Just nine days to go. I don't take off until the evening of the 18th, but I can't wait. Although I get just as excited about the trip and time in Los Angeles as I do about E3, I've been doing some reading on what I can expect to see there.
It should be a big year for console announcements. XBox was the first that I heard mention of, with the upcoming XBox 360. Then there was talk about the successor to the Nintendo Gamecube - the Revolution and the Gameboy - possibly the Evolution. I haven't passed along any pictures I've seen around the web since they are all most likely fakes. If you want to see some anyways, there are probably some up on my news page about console games. It catches posts about the upcoming and existing consoles and gives you an excerpt along with a link to the site where the story is posted. I don't write these ones myself, but there's a link to one of the Late Night PC discussion forums in case you find something interesting that you'd like to talk about.
Back to the show, though.In my experience, the prototype that's around before the trade shows is nothing pretty to look at. If the looks are all that matters then they could just hold up an empty plastic shell for us all to ooh and ahh at. If you really have a hard time looking at the plastic once you buy the game system and put it in your house, there are plenty of case modders out there and companies that make skins for your ugly-ass console. What really matters is the hardware inside. Beyond even the hardware there are software tools, licensing arrangements and the companies that will develop and support games and (more and more) the community around the games.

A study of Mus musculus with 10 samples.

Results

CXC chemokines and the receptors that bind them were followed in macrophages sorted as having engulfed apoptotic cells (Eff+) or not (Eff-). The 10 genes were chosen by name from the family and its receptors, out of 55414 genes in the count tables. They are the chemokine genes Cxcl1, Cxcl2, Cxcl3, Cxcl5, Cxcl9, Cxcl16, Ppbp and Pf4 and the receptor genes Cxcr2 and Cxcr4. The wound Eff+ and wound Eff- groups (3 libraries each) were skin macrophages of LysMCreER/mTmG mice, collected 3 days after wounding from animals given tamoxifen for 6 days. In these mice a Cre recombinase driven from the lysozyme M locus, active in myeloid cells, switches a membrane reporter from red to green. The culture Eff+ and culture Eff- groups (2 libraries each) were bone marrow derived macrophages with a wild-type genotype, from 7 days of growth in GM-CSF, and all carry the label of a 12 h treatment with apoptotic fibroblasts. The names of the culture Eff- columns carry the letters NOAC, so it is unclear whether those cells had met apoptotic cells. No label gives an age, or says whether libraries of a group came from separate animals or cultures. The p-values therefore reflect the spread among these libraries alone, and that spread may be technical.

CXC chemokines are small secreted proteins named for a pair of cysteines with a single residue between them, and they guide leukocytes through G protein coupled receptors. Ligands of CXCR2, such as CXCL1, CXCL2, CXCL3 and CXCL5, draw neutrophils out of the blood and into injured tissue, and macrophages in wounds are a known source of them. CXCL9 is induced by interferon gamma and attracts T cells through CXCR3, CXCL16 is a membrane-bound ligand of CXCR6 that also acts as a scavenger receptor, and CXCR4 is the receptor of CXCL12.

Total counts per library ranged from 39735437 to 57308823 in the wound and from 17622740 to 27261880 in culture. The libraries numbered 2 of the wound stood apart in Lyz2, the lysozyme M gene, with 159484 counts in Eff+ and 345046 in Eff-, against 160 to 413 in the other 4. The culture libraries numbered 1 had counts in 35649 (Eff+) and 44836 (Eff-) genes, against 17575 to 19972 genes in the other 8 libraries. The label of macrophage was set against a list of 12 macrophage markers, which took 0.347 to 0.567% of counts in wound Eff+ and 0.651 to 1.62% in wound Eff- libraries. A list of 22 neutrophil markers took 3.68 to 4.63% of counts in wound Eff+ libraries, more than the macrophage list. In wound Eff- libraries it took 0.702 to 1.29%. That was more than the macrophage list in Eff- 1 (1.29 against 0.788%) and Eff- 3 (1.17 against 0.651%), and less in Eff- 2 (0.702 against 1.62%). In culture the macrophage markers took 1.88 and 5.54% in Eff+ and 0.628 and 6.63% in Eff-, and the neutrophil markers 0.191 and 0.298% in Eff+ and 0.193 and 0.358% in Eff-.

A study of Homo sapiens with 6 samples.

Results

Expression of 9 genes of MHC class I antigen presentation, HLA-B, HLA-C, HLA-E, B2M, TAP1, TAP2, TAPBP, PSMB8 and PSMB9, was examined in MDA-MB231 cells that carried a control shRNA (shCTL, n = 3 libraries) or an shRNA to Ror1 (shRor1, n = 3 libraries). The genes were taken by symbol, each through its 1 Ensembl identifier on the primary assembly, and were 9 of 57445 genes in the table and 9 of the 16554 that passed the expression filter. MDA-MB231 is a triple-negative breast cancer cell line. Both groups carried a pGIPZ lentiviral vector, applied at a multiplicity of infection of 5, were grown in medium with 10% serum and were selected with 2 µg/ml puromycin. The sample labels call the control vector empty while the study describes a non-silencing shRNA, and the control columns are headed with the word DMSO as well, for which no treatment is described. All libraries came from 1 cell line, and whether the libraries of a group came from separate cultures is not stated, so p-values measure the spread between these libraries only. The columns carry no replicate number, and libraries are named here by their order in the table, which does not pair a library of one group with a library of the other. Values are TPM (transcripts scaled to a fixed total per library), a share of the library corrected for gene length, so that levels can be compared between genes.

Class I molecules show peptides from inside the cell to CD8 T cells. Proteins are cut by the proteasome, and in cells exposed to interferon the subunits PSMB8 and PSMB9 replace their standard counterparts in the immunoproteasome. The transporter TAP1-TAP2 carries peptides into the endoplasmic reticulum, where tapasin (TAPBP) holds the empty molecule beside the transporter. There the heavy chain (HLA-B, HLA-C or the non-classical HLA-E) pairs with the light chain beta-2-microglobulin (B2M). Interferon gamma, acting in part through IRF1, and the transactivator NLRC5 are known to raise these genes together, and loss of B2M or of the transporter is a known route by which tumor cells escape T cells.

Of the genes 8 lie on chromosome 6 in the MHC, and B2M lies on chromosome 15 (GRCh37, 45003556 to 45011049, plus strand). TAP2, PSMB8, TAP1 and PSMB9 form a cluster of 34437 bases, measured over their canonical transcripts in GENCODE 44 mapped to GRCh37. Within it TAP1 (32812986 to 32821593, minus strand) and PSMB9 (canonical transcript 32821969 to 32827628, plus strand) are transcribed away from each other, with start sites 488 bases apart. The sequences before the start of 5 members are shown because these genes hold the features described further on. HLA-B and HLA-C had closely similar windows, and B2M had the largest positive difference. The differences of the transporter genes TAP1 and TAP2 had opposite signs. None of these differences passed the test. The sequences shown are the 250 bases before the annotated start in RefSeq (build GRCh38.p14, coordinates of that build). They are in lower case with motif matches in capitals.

So I'm not going to ogle some flashy plastic case in Apple white, XBox black or any of the DS shiny metallics. I'm interested in the motions of the market, the undulations of the industry. Or, if that's a little disconcerting, I'm interested in hearing about what's coming next. What games we'll be able to play next year, how we'll interact with them, and how they'll affect the way we interact with each other.
My latest interest has been in online casual games. The market for these fun little distractions is an interesting niche and grows as the internet grows. In the past I've looked at getting started by publishing a wicked-cool immersive 3D experience. I've scaled that back as far as a DirectX Pong clone (and, truth be told, Jeff and I did get it up and running). Now I think the best route for me as an independent game developer is with the casual game. The lion's share of this market is developing in Flash right now, but I see room for good games using Ajax and (hopefully) SVG. I'll be looking out for others in the field at E3 and see what I can learn.
Of course I'll still take the time to stop and snap some pictures of the amazing plastic too.